About a year ago, Tier Mobility won the shared micromobility game. Fueled by the $200 million Series D fundraising in October 2021, the company then acquired three other micromobility operators and a computer vision startup, giving it access to e-bikes – a reach that stretched beyond Europe and into the US – and the technology needed to allay politicians’ fears about security.

Today, Tier is in the middle of another round of layoffs. As a result of previous restructuring, Tier is laying off about 80 employees, some of whom fall under the Nextbike umbrella, to make up for layoffs. Tier had bought the German bike-share startup in November 2021 to expand its vehicle offerings beyond e-scooters.

Tier said the layoffs announced Wednesday will affect 7% of the total workforce. While some teams will be affected more than others, the restructuring will affect employees across the organization.

The most recent staff cuts follow Tier’s decision to let 180 employees go back in August due to a poor financing climate and uncertain economic conditions.

The micromobility operator is also reducing the size of its Spin workforce by about 20 employees. Tier originally bought Spin from Ford in March 2022, a move that gave the company wide access to the US. Seven months later, Tier then laid off nearly 80 Spin employees and left Seattle and Canada. The company then laid off another 30 Spin employees in December when it decided to leave another 10 US cities.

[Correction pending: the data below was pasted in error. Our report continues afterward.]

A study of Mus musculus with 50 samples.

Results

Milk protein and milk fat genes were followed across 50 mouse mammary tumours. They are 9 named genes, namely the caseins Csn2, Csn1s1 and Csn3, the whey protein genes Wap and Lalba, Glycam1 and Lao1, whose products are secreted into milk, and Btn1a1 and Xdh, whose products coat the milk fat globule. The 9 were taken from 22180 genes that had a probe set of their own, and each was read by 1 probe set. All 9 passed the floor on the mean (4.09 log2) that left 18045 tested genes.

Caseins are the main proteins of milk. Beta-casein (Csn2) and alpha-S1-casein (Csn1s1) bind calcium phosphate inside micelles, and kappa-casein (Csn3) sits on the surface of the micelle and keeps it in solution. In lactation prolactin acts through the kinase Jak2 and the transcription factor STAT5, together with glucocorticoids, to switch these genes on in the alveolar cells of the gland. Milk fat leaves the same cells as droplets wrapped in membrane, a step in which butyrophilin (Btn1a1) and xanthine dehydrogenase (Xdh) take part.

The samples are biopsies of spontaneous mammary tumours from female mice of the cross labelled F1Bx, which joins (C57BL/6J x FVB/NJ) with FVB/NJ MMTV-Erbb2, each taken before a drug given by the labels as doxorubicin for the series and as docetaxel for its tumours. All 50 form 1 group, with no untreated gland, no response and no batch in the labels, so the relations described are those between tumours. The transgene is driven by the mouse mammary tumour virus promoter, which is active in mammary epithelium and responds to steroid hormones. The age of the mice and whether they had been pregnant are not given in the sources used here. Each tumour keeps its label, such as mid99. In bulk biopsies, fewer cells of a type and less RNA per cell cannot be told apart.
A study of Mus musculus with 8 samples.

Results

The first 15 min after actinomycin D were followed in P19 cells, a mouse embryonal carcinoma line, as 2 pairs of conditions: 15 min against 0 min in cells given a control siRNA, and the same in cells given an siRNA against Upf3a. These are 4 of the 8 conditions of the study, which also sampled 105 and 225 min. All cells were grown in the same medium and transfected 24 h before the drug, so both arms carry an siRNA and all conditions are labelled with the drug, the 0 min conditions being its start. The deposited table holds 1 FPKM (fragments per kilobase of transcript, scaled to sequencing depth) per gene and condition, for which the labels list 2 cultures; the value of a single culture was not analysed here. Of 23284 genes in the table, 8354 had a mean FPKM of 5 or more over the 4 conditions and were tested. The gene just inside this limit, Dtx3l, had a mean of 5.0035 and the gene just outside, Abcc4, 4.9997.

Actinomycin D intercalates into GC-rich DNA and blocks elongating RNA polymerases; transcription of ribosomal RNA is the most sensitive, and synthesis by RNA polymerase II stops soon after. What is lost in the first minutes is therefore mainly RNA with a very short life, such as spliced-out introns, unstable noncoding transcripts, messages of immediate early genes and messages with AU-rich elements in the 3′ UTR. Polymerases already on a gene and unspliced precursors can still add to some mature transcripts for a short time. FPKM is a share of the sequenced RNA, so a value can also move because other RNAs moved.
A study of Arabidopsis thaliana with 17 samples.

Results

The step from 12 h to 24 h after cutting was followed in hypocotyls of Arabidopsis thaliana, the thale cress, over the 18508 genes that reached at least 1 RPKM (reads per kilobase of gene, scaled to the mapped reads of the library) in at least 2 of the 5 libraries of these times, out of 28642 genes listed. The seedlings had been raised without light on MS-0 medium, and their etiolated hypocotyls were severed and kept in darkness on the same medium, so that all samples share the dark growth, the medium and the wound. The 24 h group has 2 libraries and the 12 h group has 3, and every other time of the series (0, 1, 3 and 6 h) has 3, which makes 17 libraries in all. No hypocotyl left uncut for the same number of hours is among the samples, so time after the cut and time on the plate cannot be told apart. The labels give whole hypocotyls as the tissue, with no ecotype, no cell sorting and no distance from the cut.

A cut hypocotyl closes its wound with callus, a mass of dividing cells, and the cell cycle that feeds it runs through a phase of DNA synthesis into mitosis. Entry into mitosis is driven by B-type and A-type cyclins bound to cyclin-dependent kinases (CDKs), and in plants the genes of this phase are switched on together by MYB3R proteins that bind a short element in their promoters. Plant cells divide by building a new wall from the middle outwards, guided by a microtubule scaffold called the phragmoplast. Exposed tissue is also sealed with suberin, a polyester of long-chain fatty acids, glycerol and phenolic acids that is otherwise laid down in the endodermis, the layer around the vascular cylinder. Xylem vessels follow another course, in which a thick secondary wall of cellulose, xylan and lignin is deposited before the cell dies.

A Tier spokesperson told TechCrunch that the company was trying to rematch employees from redundant positions with open positions at Tier and Nextbike to retain as many people as possible.

‘Full growth mode’ to ‘profitability first’

How has Tier evolved from being the largest micromobility player in the world to announcing layoffs every few months? Sure, the macroeconomic environment has hit most tech companies, and Tier isn’t the only micromobility operator announcing headcount cuts (look at you, Bird.) It seems that Tier, like most other tech companies facing tough decisions, is already was expanding for a while at a rate of economic growth that simply will not be realized in pre-recession 2023.

Tier CEO and co-founder Lawrence Leuschner said today’s round of layoffs is part of a pivot in the company’s overall strategy, “from total growth to a ‘profitability first’ mentality.”

The restructuring includes the closure of “a small number of cities where we don’t see a path to profitability” due to factors such as unfavorable regulatory approaches, the company said. Tier did not say which cities it would depart from, but the Paris operator’s future is currently on the line as the city votes on whether or not to renew Tier, Lime and Dott’s permits. However, the city’s strict rules may make it unprofitable for Tier to be in Paris at this time.

Tier is also discontinuing a number of side projects, such as its own vehicle design program and the Tier Energy Network, the company’s plan to place charging stations in stores to encourage riders to trade scooter batteries for rewards. On the other hand, the company will discontinue its monthly scooter subscription, MyTier.

“Downsizing is a challenge for any business and especially difficult for a company like Spin, which has already made fundamental changes to the business to secure its long-term future,” said Philip Reinckens, CEO of Spin. “We are confident that the measures to increase sales while reducing costs through further integration with our parent company will accelerate the company’s path to profitability.”